BTO Ringing Course
The course is designed for people who already have a ringing permit but who would like additional experience or to be assessed for advancement.
It will run from Thursday 13th August (pm) until lunch on Sunday 16th August. The focus will be on passerines. The cost is £150 full board.
Anyone who would like more details should contact Ian Hunter via firstname.lastname@example.org
A big thank you to those who responded to the request for nest box plates. Along with those on order we now have enough to protect all the wooden nest boxes we have up.
No ringing but interesting news from a couple of movements. The first is a Lesser Redpoll which was ringed here on 23/10/18 and caught on 29/10/19 in Brabant, Belgium- 238km east. The second is confirmation of a colour ringed Black-headed Gull which was an adult when ringed in Limburg, Netherlands on 19/4/14 and read in the field here on 27/12/19.
A limited effort was possible and rewarded with ten new birds. One of these was a Redwing which is notable this year as the mild weather has resulted in many more bees than Redwing being seen so far.
Until recently we had got away very lightly but last weekends storm means we have some serious repair work to do to the side of the heligoland and some fallen trees to clear. Despite this today was relatively calm and some ringing was done. Sixteen birds were caught of which six were new-one Robin, one Great Tit, two Blue Tits and two Chaffinches.
Rubbish weather has meant very little ringing. However, we have just received the following exciting information:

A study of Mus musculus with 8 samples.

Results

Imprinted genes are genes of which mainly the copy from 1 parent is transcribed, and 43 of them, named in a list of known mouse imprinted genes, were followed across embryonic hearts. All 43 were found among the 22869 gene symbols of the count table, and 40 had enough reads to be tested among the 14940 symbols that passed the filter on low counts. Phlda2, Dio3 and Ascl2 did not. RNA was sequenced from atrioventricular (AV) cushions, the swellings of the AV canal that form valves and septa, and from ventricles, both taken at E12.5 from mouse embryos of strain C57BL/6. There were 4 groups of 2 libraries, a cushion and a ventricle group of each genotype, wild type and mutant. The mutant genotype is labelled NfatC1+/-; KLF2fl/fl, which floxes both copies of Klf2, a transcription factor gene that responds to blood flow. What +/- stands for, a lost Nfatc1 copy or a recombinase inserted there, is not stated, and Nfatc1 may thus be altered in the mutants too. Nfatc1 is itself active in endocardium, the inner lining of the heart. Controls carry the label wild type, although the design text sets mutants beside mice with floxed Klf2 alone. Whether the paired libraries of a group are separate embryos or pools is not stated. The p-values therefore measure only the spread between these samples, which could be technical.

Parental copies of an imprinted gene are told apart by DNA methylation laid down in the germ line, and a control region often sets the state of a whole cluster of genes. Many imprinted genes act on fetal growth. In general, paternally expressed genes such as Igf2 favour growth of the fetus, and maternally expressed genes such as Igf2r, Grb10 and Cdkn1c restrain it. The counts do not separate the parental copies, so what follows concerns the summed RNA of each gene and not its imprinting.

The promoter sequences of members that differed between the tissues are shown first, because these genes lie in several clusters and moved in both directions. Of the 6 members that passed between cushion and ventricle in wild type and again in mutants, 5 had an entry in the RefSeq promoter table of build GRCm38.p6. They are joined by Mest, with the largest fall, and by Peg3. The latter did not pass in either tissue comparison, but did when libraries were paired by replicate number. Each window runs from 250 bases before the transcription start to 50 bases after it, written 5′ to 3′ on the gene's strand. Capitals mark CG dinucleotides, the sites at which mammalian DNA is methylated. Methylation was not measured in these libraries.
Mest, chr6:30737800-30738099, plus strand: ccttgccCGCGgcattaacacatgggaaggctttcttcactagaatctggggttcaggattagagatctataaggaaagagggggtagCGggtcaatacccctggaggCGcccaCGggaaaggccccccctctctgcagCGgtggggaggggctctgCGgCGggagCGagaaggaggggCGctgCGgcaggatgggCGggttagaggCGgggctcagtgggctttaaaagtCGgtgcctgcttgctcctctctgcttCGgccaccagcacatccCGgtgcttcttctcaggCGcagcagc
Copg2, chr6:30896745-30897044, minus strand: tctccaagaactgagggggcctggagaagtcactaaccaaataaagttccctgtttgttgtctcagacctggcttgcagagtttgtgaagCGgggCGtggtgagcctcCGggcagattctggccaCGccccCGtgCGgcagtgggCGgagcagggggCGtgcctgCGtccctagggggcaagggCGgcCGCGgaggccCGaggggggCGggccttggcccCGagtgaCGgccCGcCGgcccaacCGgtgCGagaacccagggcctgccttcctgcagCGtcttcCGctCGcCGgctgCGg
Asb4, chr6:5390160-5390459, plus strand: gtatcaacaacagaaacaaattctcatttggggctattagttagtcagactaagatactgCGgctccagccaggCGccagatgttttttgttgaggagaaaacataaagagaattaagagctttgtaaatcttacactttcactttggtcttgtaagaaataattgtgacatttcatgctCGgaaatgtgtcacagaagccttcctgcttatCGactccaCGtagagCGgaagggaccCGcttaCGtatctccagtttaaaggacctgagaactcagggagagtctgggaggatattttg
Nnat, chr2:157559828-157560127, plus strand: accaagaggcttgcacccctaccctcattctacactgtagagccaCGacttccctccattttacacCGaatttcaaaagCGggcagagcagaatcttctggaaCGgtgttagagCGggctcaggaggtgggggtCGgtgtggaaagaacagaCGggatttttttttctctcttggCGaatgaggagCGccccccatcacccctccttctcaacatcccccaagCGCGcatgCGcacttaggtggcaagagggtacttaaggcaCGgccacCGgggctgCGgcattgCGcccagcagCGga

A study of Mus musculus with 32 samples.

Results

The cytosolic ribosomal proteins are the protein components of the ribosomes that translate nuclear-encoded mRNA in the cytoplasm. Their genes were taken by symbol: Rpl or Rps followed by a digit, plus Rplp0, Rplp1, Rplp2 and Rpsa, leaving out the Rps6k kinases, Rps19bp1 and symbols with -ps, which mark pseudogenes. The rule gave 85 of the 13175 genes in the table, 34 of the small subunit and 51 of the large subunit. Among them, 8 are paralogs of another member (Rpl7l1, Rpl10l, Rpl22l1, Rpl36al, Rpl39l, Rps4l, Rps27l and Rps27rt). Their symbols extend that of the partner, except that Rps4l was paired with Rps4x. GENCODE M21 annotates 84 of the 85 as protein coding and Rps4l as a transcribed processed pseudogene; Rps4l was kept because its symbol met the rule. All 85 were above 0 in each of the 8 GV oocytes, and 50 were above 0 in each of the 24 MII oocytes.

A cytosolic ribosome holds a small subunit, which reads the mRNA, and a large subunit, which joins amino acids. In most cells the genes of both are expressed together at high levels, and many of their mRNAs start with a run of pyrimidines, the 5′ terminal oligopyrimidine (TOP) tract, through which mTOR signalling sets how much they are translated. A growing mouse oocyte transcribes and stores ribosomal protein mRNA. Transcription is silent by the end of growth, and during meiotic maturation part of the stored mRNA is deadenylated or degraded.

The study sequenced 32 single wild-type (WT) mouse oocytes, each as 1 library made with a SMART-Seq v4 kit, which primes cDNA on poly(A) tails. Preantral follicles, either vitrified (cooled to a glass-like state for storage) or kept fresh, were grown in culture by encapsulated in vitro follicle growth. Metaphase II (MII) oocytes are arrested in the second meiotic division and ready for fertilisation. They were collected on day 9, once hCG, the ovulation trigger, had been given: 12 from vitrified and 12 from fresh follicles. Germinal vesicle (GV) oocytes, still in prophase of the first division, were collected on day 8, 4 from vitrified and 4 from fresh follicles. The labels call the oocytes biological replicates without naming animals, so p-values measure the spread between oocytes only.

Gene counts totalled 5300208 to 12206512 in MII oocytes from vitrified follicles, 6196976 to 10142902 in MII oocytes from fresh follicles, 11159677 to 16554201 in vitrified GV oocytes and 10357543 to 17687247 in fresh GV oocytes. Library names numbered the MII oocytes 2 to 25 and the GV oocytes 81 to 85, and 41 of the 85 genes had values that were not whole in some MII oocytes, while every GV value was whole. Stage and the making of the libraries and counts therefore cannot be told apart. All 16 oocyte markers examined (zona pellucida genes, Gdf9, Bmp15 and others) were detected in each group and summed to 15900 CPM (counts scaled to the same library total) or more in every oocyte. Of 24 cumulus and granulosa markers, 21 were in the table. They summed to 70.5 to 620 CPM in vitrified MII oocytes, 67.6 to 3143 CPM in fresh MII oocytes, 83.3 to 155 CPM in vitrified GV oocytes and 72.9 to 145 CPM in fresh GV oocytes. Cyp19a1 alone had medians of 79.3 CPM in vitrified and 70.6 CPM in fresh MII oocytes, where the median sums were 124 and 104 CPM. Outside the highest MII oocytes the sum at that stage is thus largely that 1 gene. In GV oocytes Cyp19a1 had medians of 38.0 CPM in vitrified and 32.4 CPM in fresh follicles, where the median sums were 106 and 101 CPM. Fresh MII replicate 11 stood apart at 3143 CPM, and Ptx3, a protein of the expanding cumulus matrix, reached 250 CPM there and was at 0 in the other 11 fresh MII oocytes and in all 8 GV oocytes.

This bird was first ringed as a nestling on 31 May 2015 in Schleswig-Holstein, Germany. It has been recorded in Mauritania twice in each January in 2017 and 2018. It was then seen and photographed by Roland Wells-Colyer on 12 May 2019 in Pegwell Bay.
Another pleasant, sunny, day with just a bit more breeze. Eleven birds were caught but only two of these were new. Although House Sparrows are not using the Observatory feeders in any number there is clearly a trickle of them through our trapping area; there was one new and one retrap today.
It might be the lull before the storm but it was excellent conditions for ringing. Thirty birds were caught of which 16 were new. This included two species new for the year – Moorhen (2) and Starling. The lack of the latter is a notable feature this winter, we would normally have lots around the Obs, farm and fields but not this year. Also of note was a retrap Redwing. This bird was ringed here in January 2018 and had not been recorded since, it is rare to get a returning migrant species such as this. At least one of our ringed Chiffchaffs is overwintering around here as well.
Too windy to ring and so another session repairing nest boxes. This time it was the Elms area. We are almost out of metal plates we have had to repair so many and so will be appealing for some to be donated.